Here it is:

18 lbs. 8 ounces of American 2-Row
1 lb. 12 ounces of Munich 10L

Mash for 30 minutes, vorlauf and fly sparge to collect 7.5 gallons.

85 minute boil.

1 ounce of Simcoe for 85 minutes
1.5 ounces of Simcoe for 30 minutes
add whirlfloc and yeastex for 20 minutes
1 ounce of Amarillo for 15 minutes
2 ounces of Centennial at whirpool
2 ounces of Apollo at whirlpool

Ferment with a half gallon starter of White labs 001

Dry hop for seven days with 3 ounces of Apollo and 3 ounces of Centennial.

My questions are: 1. should I mash for longer than 30 minutes?

2. Beersmith says to add 25 quarts of water @160F for 75
minutes and then 16 quarts at 202F for 10 minutes.
Why?

Any suggestions would be appreciated. Thanks!


Is Beersmith advising you to do a 75 minute mash there? Otherwise your volumes should already be present from the mash/sparge. If its suggesting a 75 minute mash and then a 10 minute sparge/mashout (more likely), those are the default BS settings for most mash profiles that go for a medium or light body. Which profile are you selecting in the application?


I was thinking of mashing at 149. I'm not too familiar with the mashout procedure. Is that just adding more water toward the end of the schedule before you start sparging? If so, what are the advantages of that? Lighter body?

As you can see, I'm new to brewing and the beersmith software.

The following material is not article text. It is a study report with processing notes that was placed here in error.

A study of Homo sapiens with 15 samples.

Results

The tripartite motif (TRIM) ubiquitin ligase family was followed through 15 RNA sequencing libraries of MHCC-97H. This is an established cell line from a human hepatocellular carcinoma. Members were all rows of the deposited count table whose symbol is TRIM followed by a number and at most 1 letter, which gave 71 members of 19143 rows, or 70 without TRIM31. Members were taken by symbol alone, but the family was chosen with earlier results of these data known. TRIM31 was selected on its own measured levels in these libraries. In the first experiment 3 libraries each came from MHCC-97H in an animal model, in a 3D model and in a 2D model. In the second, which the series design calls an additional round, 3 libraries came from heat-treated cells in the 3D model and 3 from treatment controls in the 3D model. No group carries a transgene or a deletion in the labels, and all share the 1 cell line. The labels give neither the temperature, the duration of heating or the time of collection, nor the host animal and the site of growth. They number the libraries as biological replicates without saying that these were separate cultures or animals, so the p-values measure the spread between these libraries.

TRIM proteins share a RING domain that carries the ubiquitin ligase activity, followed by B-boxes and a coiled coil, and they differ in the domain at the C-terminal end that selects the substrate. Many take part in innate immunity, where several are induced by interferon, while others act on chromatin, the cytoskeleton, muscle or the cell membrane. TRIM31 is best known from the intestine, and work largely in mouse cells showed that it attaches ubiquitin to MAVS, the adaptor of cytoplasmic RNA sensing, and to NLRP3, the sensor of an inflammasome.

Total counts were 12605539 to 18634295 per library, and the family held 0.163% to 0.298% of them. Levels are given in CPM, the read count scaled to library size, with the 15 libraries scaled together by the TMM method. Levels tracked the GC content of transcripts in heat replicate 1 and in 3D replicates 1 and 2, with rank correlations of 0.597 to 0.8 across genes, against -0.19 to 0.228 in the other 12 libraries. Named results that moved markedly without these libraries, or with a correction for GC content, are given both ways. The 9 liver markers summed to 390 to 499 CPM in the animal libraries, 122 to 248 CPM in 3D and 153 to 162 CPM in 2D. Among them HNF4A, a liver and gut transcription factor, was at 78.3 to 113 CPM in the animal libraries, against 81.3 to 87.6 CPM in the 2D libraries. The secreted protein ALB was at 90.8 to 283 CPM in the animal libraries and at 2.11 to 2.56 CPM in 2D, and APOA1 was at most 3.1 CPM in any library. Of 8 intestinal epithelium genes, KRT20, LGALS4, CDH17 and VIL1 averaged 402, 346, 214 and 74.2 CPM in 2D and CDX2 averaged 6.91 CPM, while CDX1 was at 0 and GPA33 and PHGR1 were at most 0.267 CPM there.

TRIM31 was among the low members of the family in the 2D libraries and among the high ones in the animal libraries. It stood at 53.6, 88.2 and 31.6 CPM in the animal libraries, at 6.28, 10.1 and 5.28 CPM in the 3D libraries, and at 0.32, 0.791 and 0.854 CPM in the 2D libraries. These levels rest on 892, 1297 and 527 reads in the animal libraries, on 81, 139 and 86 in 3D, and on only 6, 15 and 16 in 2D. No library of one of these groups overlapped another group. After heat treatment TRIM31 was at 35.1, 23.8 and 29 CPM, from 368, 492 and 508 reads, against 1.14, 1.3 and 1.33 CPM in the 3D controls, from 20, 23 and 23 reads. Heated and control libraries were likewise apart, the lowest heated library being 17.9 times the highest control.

I rarely do a mashout, so I can't really speak to how it compares to doing a no-mashout single sparge, mashout then sparge, etc.; if you select a mash profile from Beersmith, you have a few pre-set options (that I expect you're using, anyway): single infusion, no sparge; single infusion, no mash-out; single infusion, batch sparge; ... They all come in varying degrees of body as well.

For an IIPA, I'd go with a single infusion batch sparge light body profile. That'll get your temperature where you want (IIRC, the default for light body is 149F already). Once you've selected that, click the little checkmark button thingie next to the selection field to edit the mash profile directly (at least for Beersmith 2; it's been a while since I used 1.x). Your profile will have a single step: Mash In. Double-click it if you want to change the temperature, water/grain ratio, and duration (Step Time). Make the changes you like and click OK to save it all up.

At that point you should be configured such that you're looking at a simple, single infusion mash with a batch sparge (depending on your water volume, it may recommend a double sparge).


What do you think about adding a pound or pound and a half of corn sugar to the fermenter? Should I do it as I pitch the yeast or wait a few days until fermentation slows down?

Also with a beer this big, how long should I let it sit in the primary before transferring to secondary for dry hopping?

I am planning on mashing for 75 minutes as beersmith suggests. Thanks again for the advice!


Don't skimp on the flavor/aroma hops. Go overboard. Dry hop after fermentation is complete.

IMO, any big beer should be mashed for at least an hour. Longer if possible. Make it as fermentable as possible. Mash low (i.e., 150F) and use a highly attenuative yeast (no english ale yeasts!).